A rendering of Faraday Future's original plan for its plant in North Las Vegas, Nevada.
Courtesy of Faraday Future
By Kirsten Korosec
April 14, 2016

Faraday Future, the electric vehicle startup that wants to take on Tesla, held a groundbreaking ceremony on Wednesday for a factory in North Las Vegas. Although the company plans to begin grading at the site in less than a month and has even started hiring there, it still isn’t entirely clear what it will build or how it will make money.

The Los Angeles-based company plans to manufacture an electric car, that part is clear. But there is no prototype or specifics yet on what kinds of cars it might produce. It has developed a flexible design that could be used for different kinds of vehicles. This means it could produce both small and large passenger cars, or even a race car for that matter, using the same underlying design. The blueprints allow for rows of batteries to be added or removed, which can alter the wheelbase, the car’s weight, and its efficiency, the company says.


The groundbreaking ceremony did provide a progress report of sorts and a few more details about the facility. The 3 million-square-foot factory is located on a 900-acre parcel at the Apex Industrial Park. The company says it will invest $1 billion in the project and hire 4,500 people over a 10-year period as outlined in an agreement passed by Nevada lawmakers in December for $215 million in tax incentives.

At least half of those hires will be from Nevada, Dag Reckhorn, the company’s vice president of global manufacturing, said during the groundbreaking ceremony. The company has made a few important hires including Andrew DeHaan, a former director at Tesla, as plant director. Michael Johnson, who worked at Ford and automotive supplier Detroit Manufacturing Systems, was hired at the plant’s director of logistics.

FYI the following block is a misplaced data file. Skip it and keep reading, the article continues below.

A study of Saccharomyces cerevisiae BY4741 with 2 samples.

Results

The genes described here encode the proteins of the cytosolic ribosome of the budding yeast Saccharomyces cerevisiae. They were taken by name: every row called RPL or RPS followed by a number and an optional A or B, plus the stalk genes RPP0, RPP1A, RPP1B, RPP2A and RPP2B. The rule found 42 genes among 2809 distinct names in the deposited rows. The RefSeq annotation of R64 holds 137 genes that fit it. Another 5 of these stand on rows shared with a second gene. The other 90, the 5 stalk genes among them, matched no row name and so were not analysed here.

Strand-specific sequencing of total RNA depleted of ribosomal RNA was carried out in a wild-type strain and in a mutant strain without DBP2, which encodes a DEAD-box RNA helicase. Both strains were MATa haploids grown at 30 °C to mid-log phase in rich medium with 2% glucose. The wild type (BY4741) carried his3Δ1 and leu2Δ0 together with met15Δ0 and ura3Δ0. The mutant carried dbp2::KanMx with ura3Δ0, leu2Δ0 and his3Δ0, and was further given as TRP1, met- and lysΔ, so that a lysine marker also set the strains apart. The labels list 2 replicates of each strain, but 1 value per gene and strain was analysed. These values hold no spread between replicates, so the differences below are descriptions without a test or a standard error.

Faraday Future also hired a Nevada-based recruiter to help find qualified people to work in manufacturing, administrative, engineering and communications. The company also says it has sourced more than 90% of the parts for its first vehicle from global suppliers.

This electric car can go from 0 to 60 mph in under three seconds:

“We’re moving very quick for a project of this size,” Reckhorn said. “This project is big and complicated, and yet our timeline remains aggressive. Our aim is to complete a project that would traditionally take four years and we want to do it in half the time, and we still want to do a great job.”

Faraday Future executives have used words like fast, aggressive, and flexible before. The company, which currently employs more than 700 people, plans to hire hundreds more in the next several years. It’s ability to attract talent and ramp up operations so quickly has been its primary selling point to anyone who will listen, including the media, politicians, suppliers, and potential partners.

In January, Faraday Future unveiled its FFZero1, a futuristic, single-seat electric vehicle concept car with an embedded smartphone in the steering wheel and a top speed of 200 miles per hour at CES, the annual consumer electronics industry trade show. The car and splashy unveiling was meant to reinforce the idea that the company had a transformative vision and a deep pool of talent. It has also emphasized ties through its owner, Yueting, to his Chinese online entertainment company Leshi Internet Information & Technology, also known as LeEco.

The big reveal provided many clues as what Faraday planned to produce, but didn’t illuminate any clear direction. And it failed to answer many of critical questions that left many who attended scratching their heads about whether the company would become the next big thing or fade away.